Though born in the late 19th century and partially shaped by a few sojourns to Europe, Edward Hopper was an artist fundamentally of early 20th-century America. He took life in that time and place as his subject, but he also once said that “an artist paints to reveal himself through what he sees in his subject,” meaning that he in some sense embodied early 20th-century America. Royal Academy of the Arts Artistic Director Tim Marlow quotes that line in the 60-second introduction to Hopper above, then points to a common thread in the painter’s “enigmatic works”: a “profound contemplation of the world around us” that turns each of his paintings into one captured “moment of stillness in a frantic world.”
Much of Hopper’s work came out of the Great Depression, “a period of great uncertainty and anxiety, but also a time of deep national self-imagination about the very idea of American-ness.” To look at the figures who inhabit Hopper’s thoroughly American settings — a gas station, a hotel room, inside a train car, an all-night diner — self-reflection would seem to be their main pastime.
“A woman sits alone drinking a cup of coffee,” says the School of Life’s head of Art and Architecture Hanna Roxburgh of Hopper’s 1927 Automat in the video above. “She seems slightly self-conscious and a little afraid. Perhaps she’s not used to sitting alone in a public space. Something seems to have gone wrong. The view is invited to invent stories for her of betrayal or loss.”
Loneliness, isolation, even despair: these words tend to come up in discussion of the moods of Hopper’s characters, as well as of his paintings themselves. In the in-depth exploration above, Colin Wingfield focuses on a single emotion expressed in Hopper’s work: alienation. A product of the “machine age” in late 19th- and early 20th century America, Hopper expressed an uneasy view of the ways in which accelerating industrialization and automation were altering the lives lived around him into unrecognizability. This view would turn out to have an enormous cultural resonance, as detailed in Edward Hopper and the Blank Canvas, the hourlong documentary below.
Touching on the Hopper influences seen in the work of directors like Alfred Hitchcock and Terrence Malick as well as television shows like Mad Men and The Simpsons, Edward Hopper and the Blank Canvas also brings in cultural figures like the German filmmaker Wim Wenders, an avowed Hopper enthusiast with much to say about the painter’s vision in America. More creators from the world of cinema appear in the video below to offer their personal perspectives on Hopper’s considerable influence on their art form — an art form that had considerable influence on Hopper, an avid moviegoer since he first watched a motion picture in Paris in 1909.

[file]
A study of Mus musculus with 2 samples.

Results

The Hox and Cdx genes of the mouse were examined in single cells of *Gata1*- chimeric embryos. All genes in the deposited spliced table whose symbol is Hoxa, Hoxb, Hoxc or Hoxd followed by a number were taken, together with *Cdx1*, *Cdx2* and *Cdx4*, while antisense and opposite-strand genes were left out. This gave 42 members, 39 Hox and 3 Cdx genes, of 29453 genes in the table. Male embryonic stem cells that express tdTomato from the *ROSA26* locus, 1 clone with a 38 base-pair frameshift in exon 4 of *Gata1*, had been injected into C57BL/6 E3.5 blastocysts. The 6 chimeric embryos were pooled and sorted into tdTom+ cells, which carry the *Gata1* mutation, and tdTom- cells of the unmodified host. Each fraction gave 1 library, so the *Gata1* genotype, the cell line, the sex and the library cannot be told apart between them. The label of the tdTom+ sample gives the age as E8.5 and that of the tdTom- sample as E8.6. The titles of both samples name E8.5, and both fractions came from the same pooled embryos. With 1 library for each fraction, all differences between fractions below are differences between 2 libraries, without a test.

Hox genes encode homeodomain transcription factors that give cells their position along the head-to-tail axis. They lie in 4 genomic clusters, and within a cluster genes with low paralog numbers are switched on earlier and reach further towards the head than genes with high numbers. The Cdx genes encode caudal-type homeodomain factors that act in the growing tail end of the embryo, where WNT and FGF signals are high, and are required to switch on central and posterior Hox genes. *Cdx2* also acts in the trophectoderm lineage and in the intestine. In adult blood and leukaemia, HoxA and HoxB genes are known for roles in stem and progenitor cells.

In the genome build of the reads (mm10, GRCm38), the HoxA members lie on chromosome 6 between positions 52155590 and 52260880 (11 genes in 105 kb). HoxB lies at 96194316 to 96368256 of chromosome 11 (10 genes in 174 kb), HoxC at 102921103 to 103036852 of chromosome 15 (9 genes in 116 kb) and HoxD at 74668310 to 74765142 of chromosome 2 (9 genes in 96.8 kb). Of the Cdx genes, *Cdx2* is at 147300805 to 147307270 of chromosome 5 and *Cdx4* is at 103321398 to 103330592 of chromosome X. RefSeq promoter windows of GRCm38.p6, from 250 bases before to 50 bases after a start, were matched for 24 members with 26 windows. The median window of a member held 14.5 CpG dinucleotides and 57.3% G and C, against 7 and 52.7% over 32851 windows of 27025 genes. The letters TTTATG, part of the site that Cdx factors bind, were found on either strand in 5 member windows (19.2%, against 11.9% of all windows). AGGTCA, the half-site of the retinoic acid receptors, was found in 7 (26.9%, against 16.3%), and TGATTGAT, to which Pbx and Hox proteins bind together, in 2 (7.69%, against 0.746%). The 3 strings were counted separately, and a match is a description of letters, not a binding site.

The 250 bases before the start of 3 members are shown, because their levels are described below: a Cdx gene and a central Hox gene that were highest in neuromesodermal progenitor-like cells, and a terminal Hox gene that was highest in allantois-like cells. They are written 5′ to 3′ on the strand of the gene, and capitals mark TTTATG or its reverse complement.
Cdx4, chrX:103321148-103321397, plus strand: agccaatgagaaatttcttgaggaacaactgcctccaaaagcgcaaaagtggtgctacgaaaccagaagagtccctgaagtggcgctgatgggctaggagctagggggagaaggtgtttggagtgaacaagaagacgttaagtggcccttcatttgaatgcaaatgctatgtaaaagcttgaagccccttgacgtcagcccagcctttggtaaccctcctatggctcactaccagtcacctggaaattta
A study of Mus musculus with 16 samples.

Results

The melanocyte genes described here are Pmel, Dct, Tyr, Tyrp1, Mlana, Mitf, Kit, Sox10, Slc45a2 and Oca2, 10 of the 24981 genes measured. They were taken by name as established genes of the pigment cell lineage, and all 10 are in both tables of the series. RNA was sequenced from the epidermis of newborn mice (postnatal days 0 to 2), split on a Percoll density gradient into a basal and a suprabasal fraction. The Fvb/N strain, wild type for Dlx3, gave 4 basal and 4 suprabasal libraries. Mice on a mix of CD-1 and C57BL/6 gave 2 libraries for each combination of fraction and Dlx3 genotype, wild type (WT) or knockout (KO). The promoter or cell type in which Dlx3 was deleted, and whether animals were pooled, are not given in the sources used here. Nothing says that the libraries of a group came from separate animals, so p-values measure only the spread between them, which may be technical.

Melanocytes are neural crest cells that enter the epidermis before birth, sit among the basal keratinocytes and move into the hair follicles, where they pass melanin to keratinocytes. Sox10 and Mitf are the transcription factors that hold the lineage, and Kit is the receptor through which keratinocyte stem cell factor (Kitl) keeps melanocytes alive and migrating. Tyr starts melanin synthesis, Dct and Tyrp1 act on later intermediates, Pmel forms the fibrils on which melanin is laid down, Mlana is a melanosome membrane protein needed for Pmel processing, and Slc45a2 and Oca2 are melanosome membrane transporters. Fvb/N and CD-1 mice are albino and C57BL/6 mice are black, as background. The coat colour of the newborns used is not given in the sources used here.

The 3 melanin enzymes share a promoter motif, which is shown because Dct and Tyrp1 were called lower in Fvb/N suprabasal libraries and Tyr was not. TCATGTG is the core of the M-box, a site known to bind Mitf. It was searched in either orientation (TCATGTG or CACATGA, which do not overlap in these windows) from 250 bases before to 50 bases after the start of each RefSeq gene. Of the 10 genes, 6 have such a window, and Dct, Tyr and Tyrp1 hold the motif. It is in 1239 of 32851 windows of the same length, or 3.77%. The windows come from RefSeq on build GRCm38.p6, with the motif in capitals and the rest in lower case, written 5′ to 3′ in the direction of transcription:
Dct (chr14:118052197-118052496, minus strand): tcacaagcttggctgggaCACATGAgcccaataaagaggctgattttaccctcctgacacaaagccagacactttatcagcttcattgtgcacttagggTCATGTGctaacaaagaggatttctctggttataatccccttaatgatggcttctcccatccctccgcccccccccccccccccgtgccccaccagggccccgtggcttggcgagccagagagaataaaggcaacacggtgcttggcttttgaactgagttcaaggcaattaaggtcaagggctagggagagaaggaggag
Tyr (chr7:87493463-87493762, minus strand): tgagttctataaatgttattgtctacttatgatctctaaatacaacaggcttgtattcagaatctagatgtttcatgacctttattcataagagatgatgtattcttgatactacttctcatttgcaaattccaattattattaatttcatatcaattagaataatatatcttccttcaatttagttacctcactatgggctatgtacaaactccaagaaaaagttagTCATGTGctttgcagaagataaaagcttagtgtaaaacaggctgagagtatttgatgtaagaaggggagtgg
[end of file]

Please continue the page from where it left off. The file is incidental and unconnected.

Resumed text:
No single painting of Hopper’s has had as much influence on film as 1942’s Nighthawks, by far the painter’s best-known work. How exactly he achieved his own cinematic effects in a still image, such as the “storyboarding” technique with which he developed its composition, is a subject we’ve featured before here on Open Culture. In the video essay “Nighthawks: Look Through the Window,” Evan Puschak — better known as the Nerdwriter — seeks out the sources of the painting’s enduring power, from its “clean, smooth, and almost too real” aesthetic to its rigorous composition to its host of visual elements meant to both compel and unsettle the viewer.
Hopper explains his way of working in his own words in the short video from the Walker Art Center below. “It’s a long process of gestation in the mind and a rising emotion,” he says, followed by “drawings, quite often many drawings”: “various small sketches, sketches of the thing that i wish to do, also sketches of details in the picture.” As for the themes of “loneliness, isolation, modern man and his man-made environment” so often ascribed to the final products, “those are the words of critics. It may be true and it may not be true. It’s how the viewer looks at the pictures, what he sees in them.”
Based in Seoul, Colin Marshall writes and broadcasts on cities, language, and culture. His projects include the book The Stateless City: a Walk through 21st-Century Los Angeles and the video series The City in Cinema. Follow him on Twitter at @colinmarshall or on Facebook.